The story has become a familiar one in urban areas like Trenton.
A man or woman is murdered in plain view in a densely-populated city neighborhood, yet investigating police cannot find a single witness willing to go on the record and finger the murderers.
Those witnessing the act won’t talk, due to fear of retribution from gang members willing to end the life of people they believe are talking to cops.
This week New Jersey Sen. Shirley Turner and Sen. Ray Lesniak sponsored legislation trying to tackle this growing problem, which would raise the stakes for those taking part in witness intimidation and tampering by increasing penalties.
Bill S-267/A-503 was released from the Senate Budget and Appropriations Committee this week, and would strengthen penalties for those convicted of witness bribery, intimidation, tampering, and hindering.
“Our prosecutors are having a tougher and tougher time getting witnesses to testify in court cases when the defendant is a member of a street gang,” said Sen. Turner, D-Mercer, in a statement. “These gangs have effectively paralyzed our neighborhoods by threatening retribution towards who ‘snitches.’ We need to stand with witnesses and let them know that the law will protect them and their families.”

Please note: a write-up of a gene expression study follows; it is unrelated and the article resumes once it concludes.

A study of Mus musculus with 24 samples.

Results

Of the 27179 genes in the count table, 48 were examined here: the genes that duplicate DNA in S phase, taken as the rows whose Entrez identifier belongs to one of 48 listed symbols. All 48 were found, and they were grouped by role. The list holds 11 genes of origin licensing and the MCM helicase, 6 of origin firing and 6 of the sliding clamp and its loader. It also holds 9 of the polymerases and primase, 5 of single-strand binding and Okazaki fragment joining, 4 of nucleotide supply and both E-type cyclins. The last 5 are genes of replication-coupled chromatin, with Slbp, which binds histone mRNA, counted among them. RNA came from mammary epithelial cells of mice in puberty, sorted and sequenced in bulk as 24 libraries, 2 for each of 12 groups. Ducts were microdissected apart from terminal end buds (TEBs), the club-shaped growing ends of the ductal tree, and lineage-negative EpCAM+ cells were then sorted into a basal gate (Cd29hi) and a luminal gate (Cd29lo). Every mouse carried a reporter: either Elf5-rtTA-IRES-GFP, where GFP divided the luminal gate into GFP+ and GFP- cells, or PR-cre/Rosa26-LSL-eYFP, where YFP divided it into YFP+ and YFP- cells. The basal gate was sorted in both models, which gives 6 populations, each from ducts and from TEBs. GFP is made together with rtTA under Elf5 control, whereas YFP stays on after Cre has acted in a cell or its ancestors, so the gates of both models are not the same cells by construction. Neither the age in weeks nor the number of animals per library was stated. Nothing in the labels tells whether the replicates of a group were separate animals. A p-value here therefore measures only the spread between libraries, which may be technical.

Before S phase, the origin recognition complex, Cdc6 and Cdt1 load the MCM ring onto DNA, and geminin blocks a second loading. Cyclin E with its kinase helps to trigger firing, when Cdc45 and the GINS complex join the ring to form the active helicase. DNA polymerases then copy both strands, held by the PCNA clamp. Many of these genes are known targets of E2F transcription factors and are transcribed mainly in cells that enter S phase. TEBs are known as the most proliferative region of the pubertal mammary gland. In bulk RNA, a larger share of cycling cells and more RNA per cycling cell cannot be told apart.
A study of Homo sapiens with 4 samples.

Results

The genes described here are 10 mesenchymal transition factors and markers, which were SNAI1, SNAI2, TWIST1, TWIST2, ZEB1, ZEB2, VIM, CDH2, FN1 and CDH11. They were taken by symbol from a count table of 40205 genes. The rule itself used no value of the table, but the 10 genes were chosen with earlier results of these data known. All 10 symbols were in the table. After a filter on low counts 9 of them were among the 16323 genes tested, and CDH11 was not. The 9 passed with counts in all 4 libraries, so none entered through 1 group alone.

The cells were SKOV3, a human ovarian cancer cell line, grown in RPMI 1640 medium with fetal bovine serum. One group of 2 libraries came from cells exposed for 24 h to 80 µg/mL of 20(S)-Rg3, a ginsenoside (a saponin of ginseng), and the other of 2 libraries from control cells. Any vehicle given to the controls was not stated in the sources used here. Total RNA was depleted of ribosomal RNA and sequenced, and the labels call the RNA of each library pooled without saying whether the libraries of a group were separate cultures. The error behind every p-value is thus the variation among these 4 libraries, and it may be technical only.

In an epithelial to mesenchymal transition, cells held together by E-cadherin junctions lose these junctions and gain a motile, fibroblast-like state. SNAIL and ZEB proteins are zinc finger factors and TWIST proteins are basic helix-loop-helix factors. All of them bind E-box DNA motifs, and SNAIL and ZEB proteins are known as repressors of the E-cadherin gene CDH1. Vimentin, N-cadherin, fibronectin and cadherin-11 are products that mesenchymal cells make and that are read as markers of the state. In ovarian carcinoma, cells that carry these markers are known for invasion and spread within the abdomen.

They hope the laws will allow more witnesses to come forward and suppress a problem that has been significantly hampering crime investigations in New Jersey cities.
“Witness intimidation is getting so bad that many times, prosecutors will not pursue a criminal case unless there are multiple witnesses to the crime,” said Sen. Lesniak, D-Union, in a statement. “Many witness fear for their lives, especially when gang members are the accused individuals. We need to reverse this trend so that prosecutors can put more violent criminals behind bars.
The bill works mainly through raising the degree of established offenses, with witness tampering becoming a first degree offense in cases involving those who bear witness to the most heinous of crimes, listed under the No Early Release Act.
Also, retaliation against a witness or informant would become a second degree offense instead of a fourth degree offense.
The bill now heads to the New Jersey State Senate, after receiving unanimous approval in committee.